Southern Pac. Transp. v. Commercial Metals, 456 U.S. 336 (1982)
U.S. Supreme CourtSouthern Pac. Transp. v. Commercial Metals, 456 U.S. 336 (1982)
Southern Pacific Transportation Co. v. Commercial Metals Co.
Argued March 31, 1982
Decided April 27, 1982
456 U.S. 336
Respondent, as consignor, shipped goods by rail to a third party under uniform straight bills of lading prescribed by the Interstate Commerce Commission (ICC). Each bill provided that the consignor was liable for freight charges unless it signed a statement in the bill that "[t]he carrier shall not make delivery of this shipment without payment of freight and all other lawful charges." Respondent failed to execute this "nonrecourse" clause in the bills of lading. Petitioner, a common carrier by rail, delivered the first shipment to the consignee without collecting the freight charges in advance and without investigating the consignee's credit standing. Petitioner delivered the other shipments only after receiving checks from the consignee, but the checks were dishonored by the consignee's bank for insufficient funds. After unsuccessfully attempting to collect the unpaid freight charges from the consignee, petitioner requested that respondent pay the charges and, when payment was not made, filed suit against respondent in Federal District Court. The court ruled that, although petitioner had established a prima facie case for the recovery of the freight charges, respondent had established a valid equitable defense by showing that petitioner had failed to comply with the ICC's credit regulations. These regulations, promulgated pursuant to § 3(2) of the Interstate Commerce Act, did not allow for delivery of freight on credit for more than five days. The Court of Appeals affirmed.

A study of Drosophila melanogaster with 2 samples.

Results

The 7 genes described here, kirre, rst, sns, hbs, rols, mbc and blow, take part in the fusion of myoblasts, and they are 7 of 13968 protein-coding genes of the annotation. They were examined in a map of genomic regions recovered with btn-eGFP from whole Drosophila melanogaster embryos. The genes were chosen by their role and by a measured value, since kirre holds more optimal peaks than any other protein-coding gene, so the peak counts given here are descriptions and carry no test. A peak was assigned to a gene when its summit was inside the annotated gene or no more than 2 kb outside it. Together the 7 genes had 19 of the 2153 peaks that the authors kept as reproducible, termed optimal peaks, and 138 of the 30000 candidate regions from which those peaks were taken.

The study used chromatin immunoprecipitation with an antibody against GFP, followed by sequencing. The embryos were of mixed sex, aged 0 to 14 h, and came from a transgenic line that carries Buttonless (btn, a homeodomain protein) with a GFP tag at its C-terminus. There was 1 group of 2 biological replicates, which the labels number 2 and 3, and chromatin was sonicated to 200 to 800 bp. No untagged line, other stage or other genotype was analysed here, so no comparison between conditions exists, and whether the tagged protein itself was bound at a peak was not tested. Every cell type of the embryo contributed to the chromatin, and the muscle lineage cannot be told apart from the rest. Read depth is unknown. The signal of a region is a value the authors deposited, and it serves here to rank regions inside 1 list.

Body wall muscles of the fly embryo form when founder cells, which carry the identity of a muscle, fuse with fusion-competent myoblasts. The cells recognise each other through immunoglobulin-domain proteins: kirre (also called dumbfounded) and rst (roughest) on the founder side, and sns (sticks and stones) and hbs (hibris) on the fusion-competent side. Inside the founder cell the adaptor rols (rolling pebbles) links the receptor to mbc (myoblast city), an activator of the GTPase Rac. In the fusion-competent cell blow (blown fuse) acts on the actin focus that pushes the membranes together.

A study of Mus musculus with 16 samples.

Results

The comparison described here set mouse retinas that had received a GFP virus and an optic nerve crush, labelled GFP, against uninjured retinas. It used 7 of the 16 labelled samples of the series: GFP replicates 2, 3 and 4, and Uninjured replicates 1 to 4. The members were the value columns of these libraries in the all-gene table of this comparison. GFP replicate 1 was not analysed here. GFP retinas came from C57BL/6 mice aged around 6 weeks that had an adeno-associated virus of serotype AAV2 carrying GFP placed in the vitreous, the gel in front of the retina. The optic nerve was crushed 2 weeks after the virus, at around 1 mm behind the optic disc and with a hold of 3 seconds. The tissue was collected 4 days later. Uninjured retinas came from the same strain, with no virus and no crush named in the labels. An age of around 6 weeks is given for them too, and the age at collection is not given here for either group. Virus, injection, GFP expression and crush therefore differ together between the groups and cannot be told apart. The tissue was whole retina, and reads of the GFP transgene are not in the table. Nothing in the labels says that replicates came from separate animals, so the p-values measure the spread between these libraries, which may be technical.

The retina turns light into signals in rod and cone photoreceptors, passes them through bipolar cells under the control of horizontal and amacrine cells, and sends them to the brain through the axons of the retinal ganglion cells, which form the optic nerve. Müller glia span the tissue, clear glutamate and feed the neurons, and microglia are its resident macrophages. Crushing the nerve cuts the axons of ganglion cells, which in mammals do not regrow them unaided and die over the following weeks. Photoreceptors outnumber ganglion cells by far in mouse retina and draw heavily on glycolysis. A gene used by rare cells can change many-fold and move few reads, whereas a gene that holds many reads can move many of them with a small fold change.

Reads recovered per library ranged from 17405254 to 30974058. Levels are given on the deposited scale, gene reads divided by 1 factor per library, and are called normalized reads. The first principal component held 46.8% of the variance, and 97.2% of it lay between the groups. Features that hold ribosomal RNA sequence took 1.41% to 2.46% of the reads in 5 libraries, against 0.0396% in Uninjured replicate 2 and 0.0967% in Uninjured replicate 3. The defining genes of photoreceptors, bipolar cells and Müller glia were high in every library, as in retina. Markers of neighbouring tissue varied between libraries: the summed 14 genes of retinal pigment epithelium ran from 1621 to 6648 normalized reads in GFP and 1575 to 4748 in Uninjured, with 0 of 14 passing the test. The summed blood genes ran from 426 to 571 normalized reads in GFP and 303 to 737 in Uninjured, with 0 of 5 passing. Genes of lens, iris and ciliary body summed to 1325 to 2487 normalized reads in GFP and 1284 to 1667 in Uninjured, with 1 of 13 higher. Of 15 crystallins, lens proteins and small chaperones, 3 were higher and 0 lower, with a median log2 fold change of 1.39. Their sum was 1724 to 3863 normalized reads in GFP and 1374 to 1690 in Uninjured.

Held: Petitioner's violation of the credit regulations does not bar its collection of lawful freight charges from respondent. Pp. 456 U. S. 342-352.
(a) Petitioner established a prima facie case of respondent's liability for the freight charges by proving that respondent failed to sign the nonrecourse clause in the bills of lading. The bill of lading is the basic transportation contract between the shipper-consignor and the carrier, and, unless the bill provides to the contrary, the consignor remains primarily liable for the freight charges. Thus, by failing to execute the nonrecourse provision, respondent continued to be primarily liable. Pp. 456 U. S. 342-344.
(b) Petitioner's violation of the credit regulations did not provide respondent with an equitable affirmative defense to petitioner's prima facie
case. Neither § 3(2) of the Act nor the regulations themselves intimate that a carrier's violation of the credit rules automatically precludes it from collecting the lawful freight charge. Nor does either contain any words of affirmative defense to a freight charge action. The history of the regulations further indicates that this silence was not inadvertent -- the intent of the rules was to protect carriers, not to penalize them. And public policy concerns disfavor judicial implication of affirmative defenses based on carrier violations of the credit regulations. The ICC has ample authority to police the credit practices of carriers, and thereby to deter improper practices, without the judicially created remedy of forfeiture of freight charges. Pp. 456 U.S. 344-362.
641 F.2d 235, reversed.
BLACKMUN, J., delivered the opinion for a unanimous Court.